Top of the class
Eva teacher/publisher claims national award
Clif Knight, Hartselle Enquirer
Kimberly Dockery, a teacher at Eva School, is one of 15 educators from across the country to receive a 2005 Leavey Award for Excellence in Private Enterprise Education, sponsored by the Freedoms Foundation at Valley Forge. She will accept the award on April 30 at the 28th Annual Leavey Awards summit in Philadelphia, Pa.
The Leavey Awards seek to recognize educators who excel in teaching the concepts of individual opportunity and incentive in order to foster understanding and enthusiasm among young people for the value of free enterprise in a democracy.
Winners receive $7,500 cash prizes in recognition of their innovative programs or projects. Dockery's award-winning entry, "The Eva Examiner," was one of only 13 selected from across the country by an independent jury of economic, business and academic leaders.
Dockery and a staff of nine seventh and eighth grade students write, edit and produce a 12-page tabloid newspaper under the banner of The Eva Examiner. It is published three or four times a year and is self-supporting through grants, single copy sales and local advertising revenue.
The volunteer reporters work on copy and production assignments an hour a day in the school's computer lab and after school as long as it takes. "I knew nothing about print journalism at the start. I'm self-taught. There were times when we'd be up here until midnight working on the first issues," Mrs. Dockery pointed out.
The newspaper was started five years ago as the brainchild of Principal Shelia Burt. "I was applying for my first teaching job and she (Burt) was in line to take over the principal's job," Dockery recalled. "She had received word that her application for a $4,400 grant to start the newspaper had been approved and asked me in my job interview if I'd be interested in working with the paper. I was looking for a teaching job and I agreed to do it."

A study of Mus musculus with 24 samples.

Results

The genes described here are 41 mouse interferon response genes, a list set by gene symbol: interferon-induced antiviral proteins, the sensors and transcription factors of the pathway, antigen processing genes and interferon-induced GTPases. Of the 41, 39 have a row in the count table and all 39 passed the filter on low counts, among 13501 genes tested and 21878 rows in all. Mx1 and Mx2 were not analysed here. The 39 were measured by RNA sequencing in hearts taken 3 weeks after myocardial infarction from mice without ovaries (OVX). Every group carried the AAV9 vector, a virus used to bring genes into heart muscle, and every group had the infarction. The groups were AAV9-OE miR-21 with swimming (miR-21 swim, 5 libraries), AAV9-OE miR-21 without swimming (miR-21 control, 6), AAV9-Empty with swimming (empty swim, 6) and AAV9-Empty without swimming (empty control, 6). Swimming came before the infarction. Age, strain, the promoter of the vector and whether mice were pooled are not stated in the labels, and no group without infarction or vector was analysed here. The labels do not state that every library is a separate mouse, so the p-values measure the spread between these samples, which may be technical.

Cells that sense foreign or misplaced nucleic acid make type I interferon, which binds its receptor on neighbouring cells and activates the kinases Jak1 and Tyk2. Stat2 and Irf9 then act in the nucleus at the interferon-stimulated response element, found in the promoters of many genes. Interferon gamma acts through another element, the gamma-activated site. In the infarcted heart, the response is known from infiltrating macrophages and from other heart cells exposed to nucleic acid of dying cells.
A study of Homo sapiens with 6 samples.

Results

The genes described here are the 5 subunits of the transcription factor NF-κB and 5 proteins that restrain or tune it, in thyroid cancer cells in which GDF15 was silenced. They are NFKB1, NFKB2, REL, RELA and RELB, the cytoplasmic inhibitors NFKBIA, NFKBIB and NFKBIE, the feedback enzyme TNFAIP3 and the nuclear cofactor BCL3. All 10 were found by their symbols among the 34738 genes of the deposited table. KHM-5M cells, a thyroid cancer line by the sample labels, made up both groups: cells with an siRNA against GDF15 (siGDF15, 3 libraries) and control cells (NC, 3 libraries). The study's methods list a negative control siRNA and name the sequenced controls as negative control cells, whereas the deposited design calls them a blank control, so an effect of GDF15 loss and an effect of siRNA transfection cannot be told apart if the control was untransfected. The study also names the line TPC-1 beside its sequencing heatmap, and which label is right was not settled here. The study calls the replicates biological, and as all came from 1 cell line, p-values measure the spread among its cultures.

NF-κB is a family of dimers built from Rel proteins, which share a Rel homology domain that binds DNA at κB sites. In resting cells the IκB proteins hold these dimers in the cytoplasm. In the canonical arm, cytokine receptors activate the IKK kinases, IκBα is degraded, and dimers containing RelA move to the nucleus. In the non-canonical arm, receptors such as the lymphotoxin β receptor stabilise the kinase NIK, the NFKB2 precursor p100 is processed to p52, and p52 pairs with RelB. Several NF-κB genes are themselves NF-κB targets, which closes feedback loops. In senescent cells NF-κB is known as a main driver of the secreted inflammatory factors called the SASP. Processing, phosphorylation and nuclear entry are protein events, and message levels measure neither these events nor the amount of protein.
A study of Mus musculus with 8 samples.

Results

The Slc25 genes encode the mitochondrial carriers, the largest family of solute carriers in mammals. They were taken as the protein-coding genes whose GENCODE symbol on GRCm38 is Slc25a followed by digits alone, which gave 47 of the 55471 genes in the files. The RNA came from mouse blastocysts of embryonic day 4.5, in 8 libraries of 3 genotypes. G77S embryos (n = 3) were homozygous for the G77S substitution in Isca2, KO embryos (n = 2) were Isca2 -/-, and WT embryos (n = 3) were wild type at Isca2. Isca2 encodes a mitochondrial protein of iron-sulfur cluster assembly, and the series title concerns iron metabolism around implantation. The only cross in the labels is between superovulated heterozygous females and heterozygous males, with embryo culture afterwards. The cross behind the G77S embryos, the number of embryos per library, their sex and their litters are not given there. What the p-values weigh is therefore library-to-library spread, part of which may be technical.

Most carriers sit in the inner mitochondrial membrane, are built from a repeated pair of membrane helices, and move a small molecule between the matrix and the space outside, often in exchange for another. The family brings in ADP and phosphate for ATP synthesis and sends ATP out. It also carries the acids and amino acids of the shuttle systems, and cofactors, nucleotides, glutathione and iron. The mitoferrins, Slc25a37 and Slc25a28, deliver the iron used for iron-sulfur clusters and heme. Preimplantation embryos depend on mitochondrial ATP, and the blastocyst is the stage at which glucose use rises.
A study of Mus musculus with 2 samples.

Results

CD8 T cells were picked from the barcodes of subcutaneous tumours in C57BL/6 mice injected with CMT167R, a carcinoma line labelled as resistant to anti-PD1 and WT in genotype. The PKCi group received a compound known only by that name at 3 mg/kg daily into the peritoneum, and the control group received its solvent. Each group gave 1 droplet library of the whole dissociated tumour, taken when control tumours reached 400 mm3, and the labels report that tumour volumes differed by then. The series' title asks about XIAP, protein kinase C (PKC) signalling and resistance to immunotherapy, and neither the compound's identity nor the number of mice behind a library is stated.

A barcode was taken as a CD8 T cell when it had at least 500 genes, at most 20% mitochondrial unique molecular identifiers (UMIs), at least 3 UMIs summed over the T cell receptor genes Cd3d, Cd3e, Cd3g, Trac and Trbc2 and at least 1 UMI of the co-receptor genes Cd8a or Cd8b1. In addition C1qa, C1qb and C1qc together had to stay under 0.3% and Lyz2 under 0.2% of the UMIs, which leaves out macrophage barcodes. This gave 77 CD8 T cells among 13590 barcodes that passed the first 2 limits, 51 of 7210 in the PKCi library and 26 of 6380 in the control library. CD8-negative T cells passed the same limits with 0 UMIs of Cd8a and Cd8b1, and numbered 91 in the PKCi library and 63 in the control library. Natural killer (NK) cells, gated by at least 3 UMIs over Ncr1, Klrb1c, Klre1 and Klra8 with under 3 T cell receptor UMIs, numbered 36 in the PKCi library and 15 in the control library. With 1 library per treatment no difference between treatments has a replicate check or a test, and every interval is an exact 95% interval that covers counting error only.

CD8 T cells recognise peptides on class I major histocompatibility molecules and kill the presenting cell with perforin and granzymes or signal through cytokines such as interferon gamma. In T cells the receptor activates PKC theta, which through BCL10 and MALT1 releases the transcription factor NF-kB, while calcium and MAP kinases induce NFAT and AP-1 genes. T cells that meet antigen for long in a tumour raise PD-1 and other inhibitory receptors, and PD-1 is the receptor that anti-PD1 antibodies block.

Dockery said she received application forms for the Leavey Awards program through the mail last summer. She was nominated by a former winner from Mississippi who read a copy of the school publication online.
Student reporters assume responsibility for performing all of the functions of the newspaper, from selling ads to writing stories to paginating the pages and selling single copies in the school hallways, according to Dockery. "They are capable of handling any job and work well together. The pride they have in their work really shows when a new edition has been printed and they can see their work in print."
Dockery said the newspaper depended heavily on grant support in the early years but is now generating enough revenue to meet expenses without them.
"By developing a newspaper that appeals to all ages, selling ads to local retailers and learning how to manage production costs and revenues, Mrs. Dockery and her students were able to make a profit and serve the community at the same time," stated Freedoms Foundation officials in announcing the 2005 Leavey Award winners.